Bruce Springsteen admits that he is not "well-versed" in Hip Hop, but he recently discussed the various artists within the genre that he appreciates. In a recent interview, which was published by NPR, Springsteen references several rappers, Rap songs and explains his appreciation for many emcees. During the conversation, Springsteen is asked if Hip Hop is a culture that he's embraced over the years.
"Well, it was so present," Springsteen says in the piece. "At one moment particularly you had [Grandmaster Flash & Melle Mel's] 'White Lines [Don't Don't Do It]' and this was stuff that was talking about what was going on in the streets and in the inner cities with people who were struggling. And that was something that, I mean, I had my own context for that, you know, that I wrote about it in my own way. But it was the music that came along and gave voice to those things outside of what was then considered a protest music context, you know, and did so really beautifully. And so, you know, I'm not well-versed in it but I have listened over the years. You know, Public Enemy, Notorious B.I.G., I listened to Tupac, I listen to Kanye West. Kanye West is incredible, you know. I mean, the record-making facility, you know, there's a lot of hours in those records.
"I mean some of these, there's like, just the production," Springsteen continues. "I saw [West] on television. He did the song called 'Blood on the Leaves' ... It was fantastic. He's a very, I still find him very interesting. I'm not necessarily driving [to] it in my car, you know. I probably fall back on the stuff that I listened to as a kid or something if I'm driving around. But I do listen. I listen to a lot because there's a lot of information in it and it's just fascinating record-making."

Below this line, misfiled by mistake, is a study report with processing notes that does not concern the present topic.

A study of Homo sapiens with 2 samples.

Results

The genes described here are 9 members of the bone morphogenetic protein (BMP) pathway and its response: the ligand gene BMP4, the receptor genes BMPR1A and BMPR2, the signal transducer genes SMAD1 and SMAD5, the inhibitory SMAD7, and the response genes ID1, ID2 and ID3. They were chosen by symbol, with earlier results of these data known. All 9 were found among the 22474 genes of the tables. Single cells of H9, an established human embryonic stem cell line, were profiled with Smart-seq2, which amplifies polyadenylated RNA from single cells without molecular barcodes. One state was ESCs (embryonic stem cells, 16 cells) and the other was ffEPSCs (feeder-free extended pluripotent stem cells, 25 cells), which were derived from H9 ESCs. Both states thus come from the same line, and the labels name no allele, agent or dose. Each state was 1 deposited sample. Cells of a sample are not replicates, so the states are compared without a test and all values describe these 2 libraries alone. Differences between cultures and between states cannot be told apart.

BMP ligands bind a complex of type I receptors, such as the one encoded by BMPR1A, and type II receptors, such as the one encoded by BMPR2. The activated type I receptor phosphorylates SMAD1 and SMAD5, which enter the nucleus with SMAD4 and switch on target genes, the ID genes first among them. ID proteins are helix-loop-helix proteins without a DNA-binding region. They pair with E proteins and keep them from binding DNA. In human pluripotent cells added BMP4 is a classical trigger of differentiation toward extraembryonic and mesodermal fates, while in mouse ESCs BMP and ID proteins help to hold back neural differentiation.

During the interview, Springsteen also spoke about the 2012 Barack Obama campaign concert that featured him along with Jay Z.
"Jay Z and I performed together for President Obama in Ohio and we were both on the same bill," Springsteen says in the interview. "I was playing acoustic and he had his group, you know. And the audience was filled with some of his fans and some of my fans. And his was a big arena — it was like 20,000 people. There were actually some people who'd probably come to see the president, right? So I'm coming out first and I'm gonna play acoustically and it was, you know, I thought 'Promised Land' and I thought maybe 'Land of Hopes and Dreams.' And it was fascinating as I watched the crowd who — I knew a lot of them had not heard my music before — but who understood the language I was speaking in because it was very gospel-based — you know, 'Promised Land' — and the issues that were involved. So that was a fascinating afternoon. It was a great afternoon for me because I got to stand onstage and there were young black kids and there were some older black folks. It was very, you know, multiracial and it was just a great afternoon. And I got to watch people sort of experience some of this, my songs in their bare bones for the first time."